The Boeing 601 satellite was introduced in 1987 to meet anticipated requirements for high-power, multiple-payload satellites. It was designed for such applications as direct television broadcasting to small receiving antennas, very small aperture terminals for private business networks and mobile communications.
The 601 was originally developed by Hughes Space & Communications, which Boeing acquired in 2000.
A more powerful version, the Boeing 601HP, made its debut in 1995. The HP versions can accommodate payloads twice as powerful as the classic Boeing 601 models. They feature such innovations as gallium arsenide solar cells, advanced battery technology, and an optional xenon-ion propulsion system.
The Boeing 601 body is composed of two modules: (1) the primary structure, which carries all launch vehicle loads and contains the propulsion subsystem, bus electronics and battery packs, and (2) a structure of honeycomb shelves that hold the communications equipment, electronics and isothermal heat pipes.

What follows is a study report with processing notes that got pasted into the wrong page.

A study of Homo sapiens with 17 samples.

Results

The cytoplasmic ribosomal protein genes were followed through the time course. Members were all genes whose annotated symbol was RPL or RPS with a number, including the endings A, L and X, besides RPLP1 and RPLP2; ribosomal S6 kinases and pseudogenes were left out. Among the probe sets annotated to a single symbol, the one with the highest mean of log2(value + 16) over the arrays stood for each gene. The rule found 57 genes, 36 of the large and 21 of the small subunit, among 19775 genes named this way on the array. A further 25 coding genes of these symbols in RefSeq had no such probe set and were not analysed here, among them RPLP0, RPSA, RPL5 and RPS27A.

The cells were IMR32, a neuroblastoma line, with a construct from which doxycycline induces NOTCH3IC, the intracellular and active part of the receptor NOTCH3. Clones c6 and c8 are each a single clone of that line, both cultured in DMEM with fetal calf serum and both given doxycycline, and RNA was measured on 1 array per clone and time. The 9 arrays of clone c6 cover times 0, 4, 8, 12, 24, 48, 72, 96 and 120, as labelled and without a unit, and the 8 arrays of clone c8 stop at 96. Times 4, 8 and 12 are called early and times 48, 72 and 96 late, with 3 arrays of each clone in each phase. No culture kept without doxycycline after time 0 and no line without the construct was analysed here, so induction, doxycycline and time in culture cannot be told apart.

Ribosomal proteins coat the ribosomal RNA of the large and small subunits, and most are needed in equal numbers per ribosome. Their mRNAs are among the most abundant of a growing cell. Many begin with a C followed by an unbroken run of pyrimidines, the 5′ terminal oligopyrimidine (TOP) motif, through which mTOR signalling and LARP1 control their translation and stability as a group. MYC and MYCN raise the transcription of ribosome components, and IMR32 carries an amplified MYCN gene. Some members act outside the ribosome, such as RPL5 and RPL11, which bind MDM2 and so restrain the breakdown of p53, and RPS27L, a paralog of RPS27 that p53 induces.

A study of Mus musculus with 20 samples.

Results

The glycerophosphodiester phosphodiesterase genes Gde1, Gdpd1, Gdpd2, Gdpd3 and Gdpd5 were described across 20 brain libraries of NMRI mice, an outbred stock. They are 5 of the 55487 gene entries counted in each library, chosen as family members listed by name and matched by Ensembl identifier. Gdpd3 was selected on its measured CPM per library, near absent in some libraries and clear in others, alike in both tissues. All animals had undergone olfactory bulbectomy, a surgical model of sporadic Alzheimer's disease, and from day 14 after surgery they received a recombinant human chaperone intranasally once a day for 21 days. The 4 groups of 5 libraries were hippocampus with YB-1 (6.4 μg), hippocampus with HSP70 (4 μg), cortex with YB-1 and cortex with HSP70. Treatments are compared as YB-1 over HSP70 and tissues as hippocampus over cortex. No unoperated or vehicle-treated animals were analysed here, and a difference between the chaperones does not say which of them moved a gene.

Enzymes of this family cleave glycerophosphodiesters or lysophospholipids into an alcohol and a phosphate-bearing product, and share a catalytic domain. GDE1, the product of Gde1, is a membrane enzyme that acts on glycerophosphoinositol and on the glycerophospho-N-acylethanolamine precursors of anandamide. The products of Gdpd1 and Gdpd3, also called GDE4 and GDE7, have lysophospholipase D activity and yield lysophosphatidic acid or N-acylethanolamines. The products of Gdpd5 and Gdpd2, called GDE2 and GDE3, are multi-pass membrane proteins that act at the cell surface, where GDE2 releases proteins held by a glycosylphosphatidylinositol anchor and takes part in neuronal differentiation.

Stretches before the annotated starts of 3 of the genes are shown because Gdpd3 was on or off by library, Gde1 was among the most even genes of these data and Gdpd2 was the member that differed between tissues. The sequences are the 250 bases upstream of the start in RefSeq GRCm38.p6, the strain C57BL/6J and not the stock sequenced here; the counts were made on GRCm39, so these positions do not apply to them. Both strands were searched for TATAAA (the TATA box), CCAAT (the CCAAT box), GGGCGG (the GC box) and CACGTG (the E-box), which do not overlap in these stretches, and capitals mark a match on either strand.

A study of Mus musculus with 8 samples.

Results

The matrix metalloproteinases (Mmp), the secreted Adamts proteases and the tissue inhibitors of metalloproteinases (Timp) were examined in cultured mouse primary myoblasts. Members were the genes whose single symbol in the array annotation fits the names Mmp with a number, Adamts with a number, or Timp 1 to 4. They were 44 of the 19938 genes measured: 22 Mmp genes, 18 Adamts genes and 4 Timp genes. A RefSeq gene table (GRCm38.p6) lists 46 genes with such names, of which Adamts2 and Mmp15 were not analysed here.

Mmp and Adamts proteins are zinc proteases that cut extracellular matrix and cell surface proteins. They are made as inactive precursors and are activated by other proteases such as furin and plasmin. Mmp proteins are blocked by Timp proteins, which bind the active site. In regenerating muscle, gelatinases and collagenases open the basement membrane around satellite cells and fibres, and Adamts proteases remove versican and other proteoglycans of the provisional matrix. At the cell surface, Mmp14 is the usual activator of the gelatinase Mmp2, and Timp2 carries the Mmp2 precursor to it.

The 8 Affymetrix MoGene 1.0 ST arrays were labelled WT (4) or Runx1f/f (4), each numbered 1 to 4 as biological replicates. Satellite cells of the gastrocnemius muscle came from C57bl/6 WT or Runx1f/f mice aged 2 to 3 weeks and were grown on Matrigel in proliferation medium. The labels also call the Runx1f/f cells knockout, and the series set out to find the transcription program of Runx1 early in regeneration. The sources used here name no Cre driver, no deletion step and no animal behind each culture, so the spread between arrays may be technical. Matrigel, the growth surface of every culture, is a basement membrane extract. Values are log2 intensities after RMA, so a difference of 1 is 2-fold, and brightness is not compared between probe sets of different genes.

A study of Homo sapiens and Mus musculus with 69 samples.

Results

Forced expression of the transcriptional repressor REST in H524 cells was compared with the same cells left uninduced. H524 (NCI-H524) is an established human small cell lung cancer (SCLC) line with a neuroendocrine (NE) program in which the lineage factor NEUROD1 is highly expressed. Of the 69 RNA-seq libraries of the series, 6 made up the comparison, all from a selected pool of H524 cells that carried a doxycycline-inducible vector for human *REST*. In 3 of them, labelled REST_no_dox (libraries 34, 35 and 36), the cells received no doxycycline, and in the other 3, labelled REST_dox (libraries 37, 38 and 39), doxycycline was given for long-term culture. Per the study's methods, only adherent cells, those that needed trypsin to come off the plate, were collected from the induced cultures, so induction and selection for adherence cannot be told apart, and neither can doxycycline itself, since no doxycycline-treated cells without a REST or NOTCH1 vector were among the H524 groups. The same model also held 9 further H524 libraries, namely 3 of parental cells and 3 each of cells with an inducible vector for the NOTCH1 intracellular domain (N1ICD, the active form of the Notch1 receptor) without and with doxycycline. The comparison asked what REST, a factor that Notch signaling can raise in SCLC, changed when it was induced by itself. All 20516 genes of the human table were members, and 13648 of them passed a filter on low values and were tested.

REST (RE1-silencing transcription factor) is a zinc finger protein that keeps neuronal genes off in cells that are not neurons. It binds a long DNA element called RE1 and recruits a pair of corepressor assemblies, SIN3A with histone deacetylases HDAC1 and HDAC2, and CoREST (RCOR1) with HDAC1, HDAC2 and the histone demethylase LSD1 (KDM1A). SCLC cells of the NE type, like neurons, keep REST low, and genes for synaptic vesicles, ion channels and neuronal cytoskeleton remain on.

In the early 1990s, Hughes Space & Communications (before its acquisition by Boeing) was contracted to participate in the development of two satellites for mobile communications services throughout North America. Hughes provided 601 spacecraft buses for the satellites.
AMSC-1 was launched on an Atlas rocket in April 1995. At the time it was state-of-the-art for commercial mobile communications. Each satellite has the capability to support 2,000 radio channels in L-band. The footprint covers the entire continental United States and Canada as well as Alaska, Hawaii, Puerto Rico, the Virgin Islands, and 200 miles of U.S. and Canadian coastal waters.
The operators provide complementary mobile telephone, radio, data and positioning service to land, aviation and maritime users. Each operator also provides the other with backup and restoration capacity.
The Boeing 601 satellite has been one of the best selling spacecraft models. More than 80 have been delivered to customers around the world.